Use it up, wear it out, make it do, or do without. Ah...the mantra of every man, woman, and child of the Great Depression. Not as much of a mantra for the Gen X, Gen Y, or Millenials, although you do hear a similar sentiment in the "going green" movement. I grew up with a bit of this mentality, and it has definitely carried over into my adult life. Our cloth napkins are a perfect example. They've been a part of our family for longer than Finn; many of them are stained and worn, yet they remain in constant circulation. (Although we do keep a few nicer ones tucked away for guests and holidays.)
Last year, I wrote briefly about the little farmstead we put an offer on and how that fell apart. I didn't wallow much in this space, or even outside of this space, because I'm not much of a wallower. I think that my heart wallowed more than I was willing to admit though. I found myself looking at houses with land in our area for hours and hours through the months of April and May of last year. Finally I admitted to myself that this didn't seem to be the path we were supposed to follow right now because the right place had not manifested itself since the first little farmstead that captured our hearts.
And so, for months and months, little things started languishing in the house where we currently live. Nothing huge. I just could seem to think about updating the paint in the dining room here when we might be moving somewhere else. Wouldn't that be a waste of time and energy?
Somewhere around September of last fall, I finally had a stern conversation with myself. The kids were still asking occasionally if we were going to move. I only had vague answers for them. Other folks who knew about our plans would ask. I would feel somewhat rankled to have to keep answering those questions. A decision needed to be made. Not a decision on which house to buy. A decision to make do. We felt like this was the perfect place to raise our family back we had only 3 small children. Our family has grown, and those children are now teens. If it doesn't feel like a perfect fit right now, then what can we do to make it a better fit?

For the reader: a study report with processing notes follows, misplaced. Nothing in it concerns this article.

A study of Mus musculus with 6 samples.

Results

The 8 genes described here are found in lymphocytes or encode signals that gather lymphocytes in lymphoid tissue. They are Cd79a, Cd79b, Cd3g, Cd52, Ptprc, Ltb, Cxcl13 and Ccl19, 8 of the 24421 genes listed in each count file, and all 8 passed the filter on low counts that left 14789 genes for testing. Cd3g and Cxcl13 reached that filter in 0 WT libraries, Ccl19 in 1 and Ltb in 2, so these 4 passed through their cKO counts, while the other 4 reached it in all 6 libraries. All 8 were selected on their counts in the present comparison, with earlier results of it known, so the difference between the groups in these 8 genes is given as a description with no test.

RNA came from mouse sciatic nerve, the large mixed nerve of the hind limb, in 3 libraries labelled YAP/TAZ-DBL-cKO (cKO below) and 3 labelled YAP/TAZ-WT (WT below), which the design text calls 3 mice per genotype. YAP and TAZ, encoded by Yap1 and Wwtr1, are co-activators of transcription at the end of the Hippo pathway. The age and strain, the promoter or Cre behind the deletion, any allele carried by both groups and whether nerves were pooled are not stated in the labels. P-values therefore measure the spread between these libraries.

This new mentality was part of the driving force in the crazy decision to redo each of the kids' bedrooms for Christmas. (You can see the results here, here, and here.) And since Christmas, I've been slowing working my way through other spaces that have been less than perfect, making them fit our needs better. The laundry room and Paulie's closet have been reorganized, and we just bought the necessary parts to get our jetted tub back in working condition. In the next month we have projects slated to make new curtains and paint the dining room, to build a shelf to reorganize and create more storage for the canning jars, to clear some of the brush from our back fence that is shading the garden.
Through each of these projects and through the conversations as a family about our plans to stay here, I feel myself growing more content, more objective, more peaceful in our life here at this house. Maybe one day those plans will change, maybe they won't. But not one more minute will be wasted in expectation. Making do is much more soothing for the soul, and that's more important than the perfect farmstead anyway.